A lot of questions are due regarding Section 142 and Section 143 of Income Tax Act 1961. Yet, they remain some of the most under-discussed topics. So, in this article, we will discuss Section 142 and Section 143 of Income Tax Act 1961.
You will get a notice of preliminary enquiry in case the return is not filed on time. Alternatively, if the Assessing officer (AO) would like to go through the documentary proof to verify your claim in Income Tax Return then he may ask you to furnish the documents for assessment purpose.
The time limit to serve the notice u/s 142(1) is before the end of the relevant assessment year. This timeline is not valid in case the return is not filed by the assessee. If AO is satisfied with the produced documents or return, he may not start with the assessment process.
If assessee does not comply with the provisions of this section:
It may result in Best Judgment Assessment u/s 144, or
Penalised under Sec 271(1)(b) i.e. Rs10,000 for each failure, or
Prosecution under Sec 276D which may extend upto 1 year with or without fine.
Three types of notices can be sent under section 143(1):
1. Intimation where the notice is to be simply considered as final assessment of your returns since the AO has found the return filed by you to be matching with his computation under section 143(1).
2. A refund notice, where the officer’s computation shows amount excessively paid by the assessee.
3. Demand Notice where the officer’s computation shows shortfall in your tax payment. The notice will ask you to pay up the tax due within 30 days.
How to reply to notice received under section 143(1):
1. If details provided by the taxpayer and as verified by the Income Tax department match. Then the notice will serve as final assessment of the return with nothing to be done on part of the taxpayer and the department. Just a printout of the same shall be taken and kept along with the income tax file.
2. If you are getting Refund, wait for the cheque or transfer into your account.
3. If there is a tax demand then this intimation becomes Notice of Demand under section 156. The notice says “In case of Demand, this intimation may be treated as Notice of demand u/s 156 of the Income Tax Act, 1956. Accordingly, you are requested to pay the entire Demand within 30 days of receipt of this intimation”.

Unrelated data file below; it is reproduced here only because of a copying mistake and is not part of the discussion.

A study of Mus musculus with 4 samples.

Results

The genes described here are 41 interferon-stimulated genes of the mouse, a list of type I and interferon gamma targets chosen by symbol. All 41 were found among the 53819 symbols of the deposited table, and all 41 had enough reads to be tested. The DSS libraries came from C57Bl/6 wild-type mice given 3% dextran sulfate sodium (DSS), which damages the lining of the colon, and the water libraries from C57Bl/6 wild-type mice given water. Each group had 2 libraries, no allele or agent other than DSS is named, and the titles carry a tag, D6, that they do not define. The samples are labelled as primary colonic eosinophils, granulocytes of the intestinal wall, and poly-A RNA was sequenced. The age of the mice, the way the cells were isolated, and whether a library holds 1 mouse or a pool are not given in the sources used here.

Notice will be issued under this section if-
If there is a difference in income or deductions between Form 16 & returns filled. This is the reason you need be very serious when you declare tax deductions before the starting of the financial year and then at the end of the financial year. Any deviation of more than 10% is not good.
The reasons can be difference in tax rebate claim under 80C, Sec 24, Sec 80CCD, Sec 80E, Sec 80DD, Sec 80 DDB, Sec 80TTA or Sec 10 Exemptions.
You have to respond within 30 days. Just see what they are asking for. If you agree, accept it provide the information. You can upload related documents on e-filing portal.
If the AO is not satisfied with the response of the assessee or assessee fail to provide the documents against income tax notice u/s 142(1) as explained in the earlier point then you will receive notice u/s 143(2). In this scenario, the case is called for detailed scrutiny. The AO may ask the assessee to either attend his office in person or produce supporting, particulars and evidence in support of his claim.
The timeline to serve notice u/s 143(2) is before the expiry of six months from the end of FY in which the return is furnished.
For example, return for FY 2015-16 was filed in FY 2016-17 on or before 5th Aug 2016. End of FY 2016-17 is 31st Mar 2017. Six months from the end of FY 2016-17 is 30th Sep 2017. Therefore, notice can be served till 30th Sep 2017.
So, that was all we had to share about Section 142 and Section 143 of Income Tax Act 1961. For further queries, please contact us.